The digital era, in all its glory, lends itself to malware. The more popular a platform is, the more prevalent its malware. Some segments like, say, smartphones, have seen things getting so bad that consistently discovering new forms of malware became a viable marketing strategy in its own right.

In fact, that’s been the case for years now, as countless poor cybersecurity interns and underpaid PR reps who understand the true meaning of content marketing can attest.

Another day, another existential threat

Writing blogs. The true meaning of content marketing is writing blogs. And boy, do you need to write a lot if you want to establish yourself as a cybersecurity authority… naturally, you also need original content, but that’s easy when your arbitrary area of expertise is something as prevalent as critical Android security vulnerabilities.

After all, every cybersecurity company in the Anglosphere managed to have blog archives spanning years’ worth of credible findings. For example, this month’s highlight is a trojan dubbed “BlackRock”.

Now, if Android malware is still everywhere and anyone can find it to the point of basing a content marketing strategy on that sole fact of life, does that mean everyone is a cybersecurity expert or no one is? Perhaps it just means companies stop trying as soon as they get some traction and, in turn, business to keep the lights on?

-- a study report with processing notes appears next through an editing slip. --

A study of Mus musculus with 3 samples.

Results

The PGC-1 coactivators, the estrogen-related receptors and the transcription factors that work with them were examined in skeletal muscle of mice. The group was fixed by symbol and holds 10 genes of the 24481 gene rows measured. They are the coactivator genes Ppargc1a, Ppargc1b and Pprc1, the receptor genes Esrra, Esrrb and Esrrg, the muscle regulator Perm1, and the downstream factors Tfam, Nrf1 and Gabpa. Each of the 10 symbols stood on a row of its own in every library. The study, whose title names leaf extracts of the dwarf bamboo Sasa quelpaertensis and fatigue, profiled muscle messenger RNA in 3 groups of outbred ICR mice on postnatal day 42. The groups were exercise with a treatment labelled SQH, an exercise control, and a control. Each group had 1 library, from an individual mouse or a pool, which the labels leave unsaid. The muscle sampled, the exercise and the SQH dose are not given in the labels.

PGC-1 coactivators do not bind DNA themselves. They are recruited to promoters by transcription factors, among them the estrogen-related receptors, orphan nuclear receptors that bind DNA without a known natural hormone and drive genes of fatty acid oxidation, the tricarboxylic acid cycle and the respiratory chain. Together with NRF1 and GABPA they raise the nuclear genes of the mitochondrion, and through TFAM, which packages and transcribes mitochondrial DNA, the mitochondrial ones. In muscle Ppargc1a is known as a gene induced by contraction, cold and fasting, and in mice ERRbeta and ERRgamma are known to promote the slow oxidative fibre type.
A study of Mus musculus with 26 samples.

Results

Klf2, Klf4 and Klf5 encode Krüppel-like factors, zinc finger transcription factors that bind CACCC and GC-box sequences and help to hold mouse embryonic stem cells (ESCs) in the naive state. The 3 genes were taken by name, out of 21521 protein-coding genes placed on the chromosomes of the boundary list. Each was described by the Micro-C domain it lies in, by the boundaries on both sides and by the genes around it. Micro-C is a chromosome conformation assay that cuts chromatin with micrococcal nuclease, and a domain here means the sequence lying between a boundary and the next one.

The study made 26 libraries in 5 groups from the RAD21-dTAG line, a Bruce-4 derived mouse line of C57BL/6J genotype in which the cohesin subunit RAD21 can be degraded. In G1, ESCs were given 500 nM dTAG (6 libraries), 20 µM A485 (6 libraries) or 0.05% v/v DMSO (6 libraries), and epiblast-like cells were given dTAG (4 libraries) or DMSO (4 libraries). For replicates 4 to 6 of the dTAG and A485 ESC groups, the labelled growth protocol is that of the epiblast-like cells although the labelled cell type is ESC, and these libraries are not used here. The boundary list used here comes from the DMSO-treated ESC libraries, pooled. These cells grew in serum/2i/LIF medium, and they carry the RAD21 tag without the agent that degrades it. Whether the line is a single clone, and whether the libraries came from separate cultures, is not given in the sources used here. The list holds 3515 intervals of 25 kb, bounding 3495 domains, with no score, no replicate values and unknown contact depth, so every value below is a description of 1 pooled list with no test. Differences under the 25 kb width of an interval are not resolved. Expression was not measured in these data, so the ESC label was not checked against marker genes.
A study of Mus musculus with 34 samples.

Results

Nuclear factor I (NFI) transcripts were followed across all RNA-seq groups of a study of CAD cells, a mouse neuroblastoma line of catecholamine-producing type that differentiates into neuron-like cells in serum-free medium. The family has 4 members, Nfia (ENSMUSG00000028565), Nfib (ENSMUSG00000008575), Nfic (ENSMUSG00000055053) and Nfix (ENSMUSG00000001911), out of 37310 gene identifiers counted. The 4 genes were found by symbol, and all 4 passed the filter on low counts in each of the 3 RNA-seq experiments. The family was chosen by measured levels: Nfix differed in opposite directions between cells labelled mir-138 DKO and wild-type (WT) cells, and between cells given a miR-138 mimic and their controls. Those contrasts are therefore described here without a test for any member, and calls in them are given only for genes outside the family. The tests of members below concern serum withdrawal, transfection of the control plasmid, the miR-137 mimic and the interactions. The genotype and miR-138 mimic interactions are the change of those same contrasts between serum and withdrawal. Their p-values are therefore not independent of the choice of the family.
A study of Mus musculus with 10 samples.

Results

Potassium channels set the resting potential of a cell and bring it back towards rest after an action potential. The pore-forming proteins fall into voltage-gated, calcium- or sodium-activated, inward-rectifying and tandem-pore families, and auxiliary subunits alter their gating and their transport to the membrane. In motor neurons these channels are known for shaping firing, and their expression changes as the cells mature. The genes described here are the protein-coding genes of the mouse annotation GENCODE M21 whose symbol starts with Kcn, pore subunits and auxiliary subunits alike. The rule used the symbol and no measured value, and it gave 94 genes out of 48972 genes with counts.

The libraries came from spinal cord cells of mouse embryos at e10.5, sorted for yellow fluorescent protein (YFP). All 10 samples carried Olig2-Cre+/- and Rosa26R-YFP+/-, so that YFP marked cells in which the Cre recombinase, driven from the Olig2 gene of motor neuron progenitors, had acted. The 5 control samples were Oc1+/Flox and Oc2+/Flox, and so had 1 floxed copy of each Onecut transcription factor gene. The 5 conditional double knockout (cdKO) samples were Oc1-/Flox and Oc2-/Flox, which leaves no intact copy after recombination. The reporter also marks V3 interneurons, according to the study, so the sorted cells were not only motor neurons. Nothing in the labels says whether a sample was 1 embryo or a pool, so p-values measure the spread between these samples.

It’s hard to say but one thing is certain: for an industry so dependent on life-threatening threats to technology, the cybersecurity sector sure is finding a lot of life-threatening threats to technology on a daily basis. Not that this bubble will burst anytime soon, or that we are even ready to openly admit to implying it’s a bubble at all, because fortunately, there are braver people wandering the Internet.

This is all just something that may help keep things in perspective whenever you’re next reading about a discovery of yet another critical vulnerability that “potentially exposed” billions of Android smartphone users due to how long it went unnoticed. Should we all worry about cybersecurity? Of course. Are we paying experts enough to worry in our stead? Debatable and impossible to answer in abstract terms, but even still, that’s not a question for experts but ourselves the next time we’re footing one of their bills while toying with the idea of shopping for alternatives.